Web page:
OPINION: In NSW, it is a crime to act unlawfully to procure a miscarriage. It is even a crime to provide anything intended to be used to unlawfully procure a miscarriage (whether the woman in question is pregnant or not). These crimes came with English colonisation and have been enacted in sections 82, 83 and 84 of the Crimes Act since 1900.
It is expected that will change. A bill was to be presented in the Legislative Council by Greens member Mehreen Faruqi on Thursday, but it was shamefully blocked by the two main parties. Hopefully it will be debated in August.
The specific offences carry maximum penalties of 10 years' imprisonment for a pregnant woman unlawfully administering to herself a drug or using an instrument and for any other person so acting, and five years for supplying the means. These are serious indictable offences.
The word "unlawfully" in this context means without lawful excuse. It has been held by the courts since about 1970 that a lawful excuse exists if the action that is taken is necessary to preserve the woman from a serious danger to her life or her physical or mental health (not being merely the normal dangers of pregnancy and childbirth) and is not out of proportion to the danger to be averted. The person bringing about the abortion must have an honest belief on reasonable grounds that it is necessary for such a purpose.
The Greens bill would achieve three ends. It removes the criminal offences, leaving the question of abortion as a medical (and social) issue alone. It establishes a requirement for a medical practitioner who has a conscientious objection to refer patients to a health practitioner without such an objection (or to a Women's Health NSW Centre). It sets up a 150-metre radius safe access zone around any premises where abortions are performed.
NSW Greens MP Mehreen Faruqi had planned to introduce her abortion reform bill for debate on Thursday but it was blocked. Photo: Brad Newman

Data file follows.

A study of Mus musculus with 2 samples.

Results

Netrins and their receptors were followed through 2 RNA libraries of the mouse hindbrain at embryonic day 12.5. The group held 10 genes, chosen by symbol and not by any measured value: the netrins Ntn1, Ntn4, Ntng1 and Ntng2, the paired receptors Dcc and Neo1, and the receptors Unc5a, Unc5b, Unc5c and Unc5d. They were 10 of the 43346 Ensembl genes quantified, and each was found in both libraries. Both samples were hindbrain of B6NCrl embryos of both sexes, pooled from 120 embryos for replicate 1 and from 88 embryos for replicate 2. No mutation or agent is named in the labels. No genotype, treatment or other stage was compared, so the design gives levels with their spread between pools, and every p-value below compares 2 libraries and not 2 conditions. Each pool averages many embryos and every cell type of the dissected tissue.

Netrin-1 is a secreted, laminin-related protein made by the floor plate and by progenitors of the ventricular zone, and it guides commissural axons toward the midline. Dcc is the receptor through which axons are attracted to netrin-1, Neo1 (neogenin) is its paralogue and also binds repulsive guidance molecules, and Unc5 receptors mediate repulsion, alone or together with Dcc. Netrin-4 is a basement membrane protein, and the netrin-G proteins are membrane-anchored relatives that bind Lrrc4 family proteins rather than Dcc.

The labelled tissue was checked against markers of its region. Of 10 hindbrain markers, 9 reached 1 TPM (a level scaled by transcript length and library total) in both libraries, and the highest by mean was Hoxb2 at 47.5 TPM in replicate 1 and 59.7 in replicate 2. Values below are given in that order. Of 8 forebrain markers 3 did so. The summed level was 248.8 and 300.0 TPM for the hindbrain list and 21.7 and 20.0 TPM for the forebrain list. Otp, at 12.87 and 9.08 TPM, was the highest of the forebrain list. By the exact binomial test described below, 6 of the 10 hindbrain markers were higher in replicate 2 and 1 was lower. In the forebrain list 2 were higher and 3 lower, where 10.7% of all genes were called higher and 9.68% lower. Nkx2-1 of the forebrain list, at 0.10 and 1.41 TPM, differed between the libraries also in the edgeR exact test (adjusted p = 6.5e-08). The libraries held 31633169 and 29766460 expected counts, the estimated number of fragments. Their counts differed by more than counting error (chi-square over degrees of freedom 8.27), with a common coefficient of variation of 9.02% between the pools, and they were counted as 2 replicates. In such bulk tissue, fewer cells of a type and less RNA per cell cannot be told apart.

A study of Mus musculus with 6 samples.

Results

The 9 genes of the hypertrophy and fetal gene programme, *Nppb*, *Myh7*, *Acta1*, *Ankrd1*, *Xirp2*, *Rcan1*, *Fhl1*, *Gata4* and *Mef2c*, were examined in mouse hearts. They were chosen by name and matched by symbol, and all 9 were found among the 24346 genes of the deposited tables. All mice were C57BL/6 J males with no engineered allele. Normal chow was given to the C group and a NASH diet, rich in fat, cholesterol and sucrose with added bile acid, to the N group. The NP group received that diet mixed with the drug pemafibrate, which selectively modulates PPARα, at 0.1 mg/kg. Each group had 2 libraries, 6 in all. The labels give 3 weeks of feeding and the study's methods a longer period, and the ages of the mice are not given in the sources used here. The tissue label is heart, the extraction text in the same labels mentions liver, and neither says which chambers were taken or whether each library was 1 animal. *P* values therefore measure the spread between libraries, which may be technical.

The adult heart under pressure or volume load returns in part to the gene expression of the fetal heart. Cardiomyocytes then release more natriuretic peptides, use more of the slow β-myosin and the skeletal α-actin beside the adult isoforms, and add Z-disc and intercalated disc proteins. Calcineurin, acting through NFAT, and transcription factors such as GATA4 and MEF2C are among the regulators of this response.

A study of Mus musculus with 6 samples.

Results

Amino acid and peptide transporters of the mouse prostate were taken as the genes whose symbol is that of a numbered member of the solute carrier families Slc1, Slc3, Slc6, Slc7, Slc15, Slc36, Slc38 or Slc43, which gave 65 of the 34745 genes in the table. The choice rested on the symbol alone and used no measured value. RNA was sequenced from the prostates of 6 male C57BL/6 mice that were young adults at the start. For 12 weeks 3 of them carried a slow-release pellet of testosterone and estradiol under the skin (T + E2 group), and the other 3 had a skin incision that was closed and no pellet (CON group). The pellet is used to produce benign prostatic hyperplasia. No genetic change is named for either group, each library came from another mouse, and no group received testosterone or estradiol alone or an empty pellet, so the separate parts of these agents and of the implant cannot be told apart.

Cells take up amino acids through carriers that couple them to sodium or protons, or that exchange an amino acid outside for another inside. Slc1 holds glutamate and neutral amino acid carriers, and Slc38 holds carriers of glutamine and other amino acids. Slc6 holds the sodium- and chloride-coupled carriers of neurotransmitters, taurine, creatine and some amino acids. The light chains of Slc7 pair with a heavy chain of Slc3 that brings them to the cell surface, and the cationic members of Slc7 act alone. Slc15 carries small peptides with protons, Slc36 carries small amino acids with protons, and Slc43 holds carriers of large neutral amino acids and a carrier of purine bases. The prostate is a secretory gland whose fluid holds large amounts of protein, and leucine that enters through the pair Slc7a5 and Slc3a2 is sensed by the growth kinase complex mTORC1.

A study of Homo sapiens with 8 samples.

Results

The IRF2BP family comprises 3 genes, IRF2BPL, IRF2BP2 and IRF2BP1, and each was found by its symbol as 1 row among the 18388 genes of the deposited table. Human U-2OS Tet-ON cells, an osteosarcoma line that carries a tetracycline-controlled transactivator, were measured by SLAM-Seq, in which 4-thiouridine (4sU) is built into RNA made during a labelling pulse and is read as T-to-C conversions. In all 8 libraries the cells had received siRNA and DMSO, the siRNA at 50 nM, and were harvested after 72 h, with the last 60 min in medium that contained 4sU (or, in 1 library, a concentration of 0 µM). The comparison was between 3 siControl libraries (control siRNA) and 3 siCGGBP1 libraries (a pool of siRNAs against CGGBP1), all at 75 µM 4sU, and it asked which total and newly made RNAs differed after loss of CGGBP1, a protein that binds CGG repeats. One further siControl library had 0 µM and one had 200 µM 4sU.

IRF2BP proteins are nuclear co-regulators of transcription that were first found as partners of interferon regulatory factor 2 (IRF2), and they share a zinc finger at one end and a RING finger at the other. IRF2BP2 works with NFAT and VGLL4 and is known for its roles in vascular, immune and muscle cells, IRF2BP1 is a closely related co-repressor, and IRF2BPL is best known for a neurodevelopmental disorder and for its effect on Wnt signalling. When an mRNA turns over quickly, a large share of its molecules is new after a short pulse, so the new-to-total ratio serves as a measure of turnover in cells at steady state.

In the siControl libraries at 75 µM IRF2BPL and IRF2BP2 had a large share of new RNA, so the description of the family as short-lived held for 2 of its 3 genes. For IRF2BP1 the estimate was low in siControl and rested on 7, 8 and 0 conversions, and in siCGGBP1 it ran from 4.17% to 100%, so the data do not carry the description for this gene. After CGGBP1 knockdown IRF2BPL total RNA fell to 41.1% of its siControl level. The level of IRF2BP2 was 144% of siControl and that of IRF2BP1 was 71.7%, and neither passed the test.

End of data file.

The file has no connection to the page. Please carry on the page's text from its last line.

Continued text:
All states and territories, apart from NSW and Queensland, have decriminalised abortion. Victoria, Tasmania and the ACT have enacted safe access zones. There is a compelling argument for NSW (and Queensland) to come into line with the rest of the country.
Abortion may be desired for a range of reasons, including pregnancy resulting from rape, unintended (accidental) pregnancy, the strong negative influence a birth would have on the woman's life (for a wide range of reasons), lack of the means of support, young age, relationship problems, the prospect of single parenthood, the number of existing children, sensitivity to public opprobrium, the health of the foetus, the health (physical or mental) of the woman.
Regardless of one's views about the merits of any reason as justification for taking such serious action, overlaying such health and social concerns with criminality unnecessarily further burdens all involved in decision-making and the taking of appropriate action in the woman's best interests.
It attaches a stigma to the process. It impedes proper, well considered, professional decision-making. It raises serious practical issues for the parties. It brands all involved in a very unhelpful way that can stay with them for life. Medical practitioners, particularly, can face extremely difficult professional issues in the present state of the law.
Although prosecutions for abortion are exceedingly rare in NSW, the prospect is always there when a termination is performed in circumstances that even arguably could give rise to a prosecution. In any such case, the effective burden on the woman and any health professional involved to demonstrate lawful excuse can be onerous. Even when a prosecution case is made, the courts proceed with appropriate consideration and compassion in order to achieve justice.
But before any prosecution is brought in a case of controversial legality with moral and ethical overtones – as I know from long personal experience – lawyers with the responsibility to decide whether or not to prosecute face a huge task in resolving the legal and public interest requirements that must be considered. This bill would clarify and modernise the situation significantly and relieve the burdens on many.
Surveys in modern times consistently show strong community support for the decriminalisation of abortion. Commonsense shows that there should not be different regimes in operation in different parts of Australia for something such as this. The Greens bill, when it is debated, deserves very careful consideration and reasoned support.
Nicholas Cowdery is a former NSW director of public prosecutions and Visiting Professorial Fellow at UNSW.
This opinion piece was first published in the Sydney Morning Herald.